NI Direct are urging farmers in Northern Ireland to take care this lambing season. The warning is specifically for pregnant women as some ewe’s can carry infections which may prove as a rick to the inborn child. NI Direct share this warning on their website.
Northern Ireland advice from Farmers at Lambing season
Reports of these infections are extremely rare. But it is important that pregnant women are aware of the potential risks associated with close contact with these animals and that they take appropriate precautions.
To avoid the possible risk of infection, pregnant women are advised that they should:
- not help to lamb ewes
- not provide assistance with a cow that is calving or a nanny goat that is kidding
- avoid contact with aborted or new-born lambs, calves or kids or with the afterbirth, birthing fluids or materials (for example, bedding) contaminated by such birth products
- avoid handling (including washing) clothing, boots or any materials which may have come into contact with animals that have recently given birth, their young or afterbirths. Potentially contaminated clothing will be safe to handle after being washed on a hot cycle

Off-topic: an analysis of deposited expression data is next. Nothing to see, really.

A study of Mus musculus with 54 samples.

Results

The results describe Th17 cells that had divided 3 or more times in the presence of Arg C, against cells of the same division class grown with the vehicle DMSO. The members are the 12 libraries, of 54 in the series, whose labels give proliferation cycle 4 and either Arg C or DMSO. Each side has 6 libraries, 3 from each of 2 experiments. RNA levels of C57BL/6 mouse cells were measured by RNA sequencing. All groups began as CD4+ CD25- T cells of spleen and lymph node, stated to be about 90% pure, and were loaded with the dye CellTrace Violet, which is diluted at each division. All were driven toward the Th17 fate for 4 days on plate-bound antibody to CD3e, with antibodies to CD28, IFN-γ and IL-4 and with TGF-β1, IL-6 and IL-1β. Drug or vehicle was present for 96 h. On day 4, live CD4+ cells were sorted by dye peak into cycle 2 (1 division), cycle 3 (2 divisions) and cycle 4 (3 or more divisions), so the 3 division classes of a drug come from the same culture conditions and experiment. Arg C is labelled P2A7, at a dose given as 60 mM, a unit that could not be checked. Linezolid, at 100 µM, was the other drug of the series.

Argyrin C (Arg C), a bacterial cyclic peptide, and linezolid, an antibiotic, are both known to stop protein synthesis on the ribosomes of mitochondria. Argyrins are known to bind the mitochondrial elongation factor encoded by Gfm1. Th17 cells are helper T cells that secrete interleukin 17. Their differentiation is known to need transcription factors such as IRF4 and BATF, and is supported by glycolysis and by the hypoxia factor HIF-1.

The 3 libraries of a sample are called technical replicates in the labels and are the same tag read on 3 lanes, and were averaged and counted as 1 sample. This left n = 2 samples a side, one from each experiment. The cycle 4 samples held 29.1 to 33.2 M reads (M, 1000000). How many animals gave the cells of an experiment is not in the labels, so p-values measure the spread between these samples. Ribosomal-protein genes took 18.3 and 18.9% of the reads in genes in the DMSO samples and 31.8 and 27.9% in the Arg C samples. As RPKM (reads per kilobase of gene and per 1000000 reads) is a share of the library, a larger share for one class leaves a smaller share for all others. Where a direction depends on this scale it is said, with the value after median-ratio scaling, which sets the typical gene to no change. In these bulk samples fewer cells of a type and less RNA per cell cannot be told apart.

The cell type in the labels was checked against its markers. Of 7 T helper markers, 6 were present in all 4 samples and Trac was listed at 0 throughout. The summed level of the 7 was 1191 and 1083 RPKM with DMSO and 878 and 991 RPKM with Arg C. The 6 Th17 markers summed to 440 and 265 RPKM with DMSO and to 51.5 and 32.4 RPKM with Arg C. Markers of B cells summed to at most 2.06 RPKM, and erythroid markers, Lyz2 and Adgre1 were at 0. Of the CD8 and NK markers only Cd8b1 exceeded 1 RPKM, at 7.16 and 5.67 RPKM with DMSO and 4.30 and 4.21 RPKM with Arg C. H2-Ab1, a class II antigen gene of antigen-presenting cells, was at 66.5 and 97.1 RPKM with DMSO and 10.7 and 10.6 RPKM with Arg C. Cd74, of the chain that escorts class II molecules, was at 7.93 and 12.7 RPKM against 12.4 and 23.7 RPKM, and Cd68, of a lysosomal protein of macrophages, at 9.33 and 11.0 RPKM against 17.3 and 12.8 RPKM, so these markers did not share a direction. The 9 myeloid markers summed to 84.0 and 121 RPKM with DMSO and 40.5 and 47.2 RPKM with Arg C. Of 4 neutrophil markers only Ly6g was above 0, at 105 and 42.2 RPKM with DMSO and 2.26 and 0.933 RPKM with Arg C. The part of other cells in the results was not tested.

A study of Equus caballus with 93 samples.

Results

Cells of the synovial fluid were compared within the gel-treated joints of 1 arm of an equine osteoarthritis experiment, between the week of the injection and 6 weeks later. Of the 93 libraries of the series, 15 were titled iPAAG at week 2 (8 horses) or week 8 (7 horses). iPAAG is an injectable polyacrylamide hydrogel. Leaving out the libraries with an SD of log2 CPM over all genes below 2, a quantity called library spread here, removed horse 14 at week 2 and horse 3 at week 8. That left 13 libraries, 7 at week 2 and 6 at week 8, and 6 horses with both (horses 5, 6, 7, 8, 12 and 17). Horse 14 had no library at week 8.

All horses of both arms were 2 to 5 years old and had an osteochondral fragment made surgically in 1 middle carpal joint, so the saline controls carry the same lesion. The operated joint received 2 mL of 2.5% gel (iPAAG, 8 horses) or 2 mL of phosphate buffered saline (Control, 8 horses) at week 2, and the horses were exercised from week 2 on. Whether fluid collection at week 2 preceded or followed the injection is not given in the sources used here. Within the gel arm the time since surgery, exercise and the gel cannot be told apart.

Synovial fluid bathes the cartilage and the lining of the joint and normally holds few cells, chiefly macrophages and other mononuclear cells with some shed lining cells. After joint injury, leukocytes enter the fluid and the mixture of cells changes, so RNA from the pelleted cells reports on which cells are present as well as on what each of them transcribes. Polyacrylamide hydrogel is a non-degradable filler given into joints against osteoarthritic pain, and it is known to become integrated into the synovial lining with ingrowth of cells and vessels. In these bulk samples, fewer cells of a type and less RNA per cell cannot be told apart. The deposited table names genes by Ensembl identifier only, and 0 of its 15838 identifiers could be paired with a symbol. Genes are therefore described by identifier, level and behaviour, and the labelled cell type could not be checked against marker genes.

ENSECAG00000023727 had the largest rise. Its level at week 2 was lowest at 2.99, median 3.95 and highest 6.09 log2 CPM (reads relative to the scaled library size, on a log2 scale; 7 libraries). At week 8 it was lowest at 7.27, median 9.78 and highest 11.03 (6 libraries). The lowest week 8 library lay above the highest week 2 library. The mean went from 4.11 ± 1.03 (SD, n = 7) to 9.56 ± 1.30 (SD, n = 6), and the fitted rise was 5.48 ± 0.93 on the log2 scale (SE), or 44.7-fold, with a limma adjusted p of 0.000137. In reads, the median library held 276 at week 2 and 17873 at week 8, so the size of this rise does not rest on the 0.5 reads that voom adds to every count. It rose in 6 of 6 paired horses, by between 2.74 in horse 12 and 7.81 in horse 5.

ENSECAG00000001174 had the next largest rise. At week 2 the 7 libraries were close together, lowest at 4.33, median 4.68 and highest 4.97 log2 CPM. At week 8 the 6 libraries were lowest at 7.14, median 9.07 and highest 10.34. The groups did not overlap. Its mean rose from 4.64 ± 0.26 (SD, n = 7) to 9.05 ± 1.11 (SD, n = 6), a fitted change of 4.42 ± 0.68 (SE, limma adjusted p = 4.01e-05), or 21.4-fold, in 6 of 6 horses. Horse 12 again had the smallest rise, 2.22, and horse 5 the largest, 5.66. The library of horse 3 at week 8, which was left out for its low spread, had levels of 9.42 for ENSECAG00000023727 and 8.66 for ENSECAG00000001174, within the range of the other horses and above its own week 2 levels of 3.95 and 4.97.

- ensure their partner attending lambing ewes or other animals takes appropriate health and hygiene precautions, including the wearing of personal protective equipment and clothing, and adequate washing to remove any potential contamination
- seek medical advice if they experience fever or flu-like symptoms, or if concerned that they could have acquired infection from a farm environment
It is also important to note that these risks are not only confined to the spring (when the majority of lambs are born).
Northern Ireland farmers have also been encourages to reduce the rick to any pregnant women who may be visiting their farm or the vicinity. Farmers should consult with their local vet if they require any information or any more advice this Lambing season in Northern Ireland.